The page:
The smart meter rollout started strong in 2024 recording a 30% increase in installations in January compared to December 2023.

Energy suppliers delivered 221,000 installations last month – a 21 percent year-on-year increase in addition to the month-on-month spike.

This total also marks the highest number of January installations since January 2020 before the Covid pandemic first affected the programme. By April that year, installations had dropped to just 12,000 due to government-imposed social distancing restrictions.

The pace and efficiency of the smart meter rollout continues to raise discussions in the energy sector and beyond. A recent report compiled by PA Consulting, commissioned by Smart Meter Assets and with data from ElectraLink, revealed that 94% of smart meters removed from service are non-faulty. This costs billpayers an estimated £70mn a year and uses installation resources that could otherwise replace traditional meters instead of functioning smart meters.

There have been 22.48mn installations since ElectraLink started recording the rollout in 2012.

The usual regions with the most monthly installations showed good results in January. East England had 27,000 installations, followed by southern England with 25,000 and the East Midlands with 21,000.

Map of GB showing smart meter installations by region for month of January 2024 and cumulatively since 2012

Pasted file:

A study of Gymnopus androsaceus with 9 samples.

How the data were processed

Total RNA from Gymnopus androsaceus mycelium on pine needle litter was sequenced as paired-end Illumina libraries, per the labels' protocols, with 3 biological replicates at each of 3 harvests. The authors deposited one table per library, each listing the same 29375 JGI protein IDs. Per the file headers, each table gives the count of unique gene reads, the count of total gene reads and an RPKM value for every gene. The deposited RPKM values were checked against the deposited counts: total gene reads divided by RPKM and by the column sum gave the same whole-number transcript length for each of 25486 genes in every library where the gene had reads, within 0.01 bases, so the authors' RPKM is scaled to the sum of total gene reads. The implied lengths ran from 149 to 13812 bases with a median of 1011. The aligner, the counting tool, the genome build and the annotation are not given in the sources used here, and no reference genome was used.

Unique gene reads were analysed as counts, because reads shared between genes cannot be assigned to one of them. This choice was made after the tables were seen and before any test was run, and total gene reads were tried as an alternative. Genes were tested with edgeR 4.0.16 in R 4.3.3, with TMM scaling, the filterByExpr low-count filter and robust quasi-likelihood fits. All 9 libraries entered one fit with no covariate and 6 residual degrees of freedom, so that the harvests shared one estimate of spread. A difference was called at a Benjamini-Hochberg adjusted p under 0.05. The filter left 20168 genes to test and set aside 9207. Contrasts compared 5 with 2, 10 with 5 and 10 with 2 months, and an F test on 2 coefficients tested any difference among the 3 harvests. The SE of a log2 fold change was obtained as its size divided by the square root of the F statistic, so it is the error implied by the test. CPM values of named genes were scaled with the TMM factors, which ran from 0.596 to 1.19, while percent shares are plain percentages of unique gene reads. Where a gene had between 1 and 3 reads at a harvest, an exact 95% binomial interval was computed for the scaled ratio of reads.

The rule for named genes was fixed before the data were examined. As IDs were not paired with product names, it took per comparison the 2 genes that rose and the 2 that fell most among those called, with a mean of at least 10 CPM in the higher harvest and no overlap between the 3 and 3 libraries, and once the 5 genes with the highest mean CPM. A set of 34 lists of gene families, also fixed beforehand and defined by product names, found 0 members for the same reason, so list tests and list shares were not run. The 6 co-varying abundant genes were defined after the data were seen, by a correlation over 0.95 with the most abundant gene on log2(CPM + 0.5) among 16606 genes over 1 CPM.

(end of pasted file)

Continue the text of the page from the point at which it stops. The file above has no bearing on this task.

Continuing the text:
These insights were provided by ElectraLink’s Data Transfer Service (DTS) Operations Team. For any questions on the information or data sources, please contact [email protected].

Learn more about how data for communication, including smart meter and energy market data insights, can help your organisation.


These figures represent electricity smart meter installations in GB. Visit the DESNZ website for the latest dual fuel smart meter reports.

The analysis is based on the D0150 data flows transmitted across our network and we believe capture the vast majority of electricity smart installs.

The users of the DTS have given ElectraLink permission to intercept and analyse this, and other data flows, subject to certain conditions.

Our analysis defines smart meters as those models with the capability to handle time of use tariffs and which can be remotely updated.

For installations after September 2013, we count all meters flagged as SMETS1, SMETS2 or non-SMETS. For installations before the industry standard designation was agreed, the allocation is based on the make and model of meter.